Saturday, December 8, 2012

First Draft

The first draft is a funny thing because all the time you're working on your outline, you feel like a caged bull and can't wait to explode from the abstraction of themes and plot points to the rich detail of the actual script.  Then, when you've been a good little boy and gone through several drafts of your outline and gotten it both really tight and really layered, you stand right where you've wanted to be for weeks or maybe even months:

a luxury car from the early 20th century
Page One.  Now all those wonderful themes you've knit seem really daunting.  How will I put all those subtleties and subthemes in, and how will I make sure they echo and compliment the main theme in just the right way?

And that first scene, wow that's a doozy.  Main character - his or her first line.  What will it be?  It's gotta be active, right?  It's gotta have thematic repercussions and clues to character arc/journey that aren't clear at the moment but make sense in retrospect.  And above all, it's gotta be memorable... simply, COOL!

I'd like to do a study of first scenes in great movies.  There are a few that come immediately to mind... I wonder, if you were to ask someone about a favorite movie of theirs, how often could they recount the opening scene?  I wouldn't be surprised if this was a high correlation.

Isn't it true that as a viewer you can pretty much tell from the first scene whether or not you're going to like the movie?  You're either "on board" or not, strapped in, bought the ticket, going for the ride... or you flip the channel or go get a snack.  My brother was commenting the other day that, when reading, by the time you're ten pages into a script, you really know all there is to know about a writer's voice and where this whole thing is going.  This made me very nervous as I was just about to start my draft on page one.

Anyway, the good news is that I started it and got one page done that day.  I was pretty happy with it.  Of course, I know that everything will be rewritten... but I also like to make my first draft as good as I can because... well, I think it's the right  thing to do, to have some pride and not take refuge in future drafts, and besides... I also believe when you build something you should have a solid foundation.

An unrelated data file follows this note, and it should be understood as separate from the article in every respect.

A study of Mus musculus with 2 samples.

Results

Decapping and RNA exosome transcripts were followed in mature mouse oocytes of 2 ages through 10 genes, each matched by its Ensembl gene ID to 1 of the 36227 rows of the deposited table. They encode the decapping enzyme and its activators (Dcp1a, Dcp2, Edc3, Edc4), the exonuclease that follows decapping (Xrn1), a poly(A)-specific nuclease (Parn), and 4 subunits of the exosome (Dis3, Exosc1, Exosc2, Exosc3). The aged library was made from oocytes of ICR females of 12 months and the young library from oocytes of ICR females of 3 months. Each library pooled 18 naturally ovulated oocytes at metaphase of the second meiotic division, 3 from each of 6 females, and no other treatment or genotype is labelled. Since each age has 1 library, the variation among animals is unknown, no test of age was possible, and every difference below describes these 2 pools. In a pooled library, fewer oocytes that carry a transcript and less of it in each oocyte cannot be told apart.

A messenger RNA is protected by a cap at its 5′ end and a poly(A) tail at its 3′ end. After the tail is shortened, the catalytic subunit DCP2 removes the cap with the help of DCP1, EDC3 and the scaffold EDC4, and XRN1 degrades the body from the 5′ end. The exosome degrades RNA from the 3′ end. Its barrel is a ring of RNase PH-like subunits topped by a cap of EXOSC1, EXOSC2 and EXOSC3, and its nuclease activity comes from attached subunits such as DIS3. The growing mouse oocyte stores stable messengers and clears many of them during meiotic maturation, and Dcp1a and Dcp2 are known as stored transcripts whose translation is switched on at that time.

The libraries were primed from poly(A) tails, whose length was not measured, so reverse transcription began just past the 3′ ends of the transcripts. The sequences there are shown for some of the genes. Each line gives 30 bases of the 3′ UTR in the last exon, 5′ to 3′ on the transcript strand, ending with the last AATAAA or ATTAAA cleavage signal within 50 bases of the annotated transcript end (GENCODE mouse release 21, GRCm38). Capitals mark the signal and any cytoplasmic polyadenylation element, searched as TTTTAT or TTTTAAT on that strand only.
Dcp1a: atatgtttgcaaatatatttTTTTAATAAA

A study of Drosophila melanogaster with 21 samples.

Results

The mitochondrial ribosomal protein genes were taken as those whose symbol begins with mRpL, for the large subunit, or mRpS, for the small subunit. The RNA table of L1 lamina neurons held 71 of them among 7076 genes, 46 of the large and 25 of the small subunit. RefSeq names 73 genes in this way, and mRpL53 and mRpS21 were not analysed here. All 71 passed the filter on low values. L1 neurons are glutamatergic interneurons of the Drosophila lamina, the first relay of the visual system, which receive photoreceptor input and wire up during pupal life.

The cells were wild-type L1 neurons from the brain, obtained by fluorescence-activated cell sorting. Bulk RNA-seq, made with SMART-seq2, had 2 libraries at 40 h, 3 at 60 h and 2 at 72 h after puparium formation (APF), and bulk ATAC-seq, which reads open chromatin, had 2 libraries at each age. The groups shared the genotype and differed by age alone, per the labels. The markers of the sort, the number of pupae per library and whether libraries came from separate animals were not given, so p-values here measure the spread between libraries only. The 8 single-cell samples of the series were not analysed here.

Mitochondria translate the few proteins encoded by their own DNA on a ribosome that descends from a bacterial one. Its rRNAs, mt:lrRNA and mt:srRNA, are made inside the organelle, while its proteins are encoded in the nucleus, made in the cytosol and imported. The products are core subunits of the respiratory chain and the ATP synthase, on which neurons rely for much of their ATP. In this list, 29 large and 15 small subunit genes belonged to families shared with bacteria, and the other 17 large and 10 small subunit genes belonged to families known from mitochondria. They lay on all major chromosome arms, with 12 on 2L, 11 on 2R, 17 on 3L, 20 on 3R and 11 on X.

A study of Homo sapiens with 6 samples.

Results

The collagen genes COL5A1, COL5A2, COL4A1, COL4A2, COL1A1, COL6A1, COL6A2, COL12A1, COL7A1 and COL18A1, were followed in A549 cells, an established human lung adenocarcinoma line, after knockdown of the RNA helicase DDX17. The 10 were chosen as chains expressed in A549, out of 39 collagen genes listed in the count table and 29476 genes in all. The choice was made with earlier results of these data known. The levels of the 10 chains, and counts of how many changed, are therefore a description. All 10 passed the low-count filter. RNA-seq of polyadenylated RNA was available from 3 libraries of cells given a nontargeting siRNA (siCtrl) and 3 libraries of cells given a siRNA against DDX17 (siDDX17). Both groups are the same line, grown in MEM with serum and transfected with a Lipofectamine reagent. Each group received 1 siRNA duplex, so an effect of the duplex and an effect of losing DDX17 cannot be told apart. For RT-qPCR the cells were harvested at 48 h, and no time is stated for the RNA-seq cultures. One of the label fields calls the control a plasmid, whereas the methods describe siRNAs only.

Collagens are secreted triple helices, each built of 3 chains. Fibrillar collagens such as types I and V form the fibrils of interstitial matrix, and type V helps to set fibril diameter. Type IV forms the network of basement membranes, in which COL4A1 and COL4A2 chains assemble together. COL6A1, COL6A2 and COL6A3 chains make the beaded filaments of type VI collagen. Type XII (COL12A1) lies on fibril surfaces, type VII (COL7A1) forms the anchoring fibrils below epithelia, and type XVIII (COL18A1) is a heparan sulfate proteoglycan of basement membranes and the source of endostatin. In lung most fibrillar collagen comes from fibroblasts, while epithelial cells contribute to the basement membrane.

My brother mentioned also that he tends to overwrite early drafts.  I was kinda envious of this because I find with my own writing that, because I have the story all planned out in my head, I tend toward hyperconcision.  For some reason I assume the story already exists in the world and it is familiar to all... but of course it doesn't and it isn't.

It seems like a dumb trait as I write it down, but if I had to defend it I would say that I've always been fascinated by suggestion as opposed to explicitness, by saying less than is required so as to create a mood and let the reader fill in the cracks with the mortar of his own mind.  I suppose I'm fascinated by what is not there, what is not said.  We'll see how this works out.

In conclusion, on Twitter recently I saw a screenwriting tweet that suggested that writing out of sequence could be a useful tool to avoid the many-headed hydra that is writer's block.  I like this and will try it today.

Monday, December 3, 2012

The Power of Time

It's been awhile since my last post.  During that time I went through one draft of my second act, which was very brief and simple.  Over Thanksgiving break I talked with people about the story and came up with a new direction for the female lead.

It really consisted of making her story bigger.  In class my professor was very surprised - "speechless" was the word he used - at the changes or developments I'd made.  But he said he liked them.

By the time I'd shared them in class, I'd assimilated the changes (or rather additions) I'd made and so they didn't seem so shocking to me.  But I remember first "cracking" the new storyline, and I was very excited about it.  It seemed compelling and also natural at the same time.

I think I needed that time to sit with those characters and come up with a natural plotline that didn't feel contrived or stereotypical.

I've got all the characters I need, the main plot, the subplots... now on to first draft.  We're really moving along in this course, and it's good.  Stay tuned.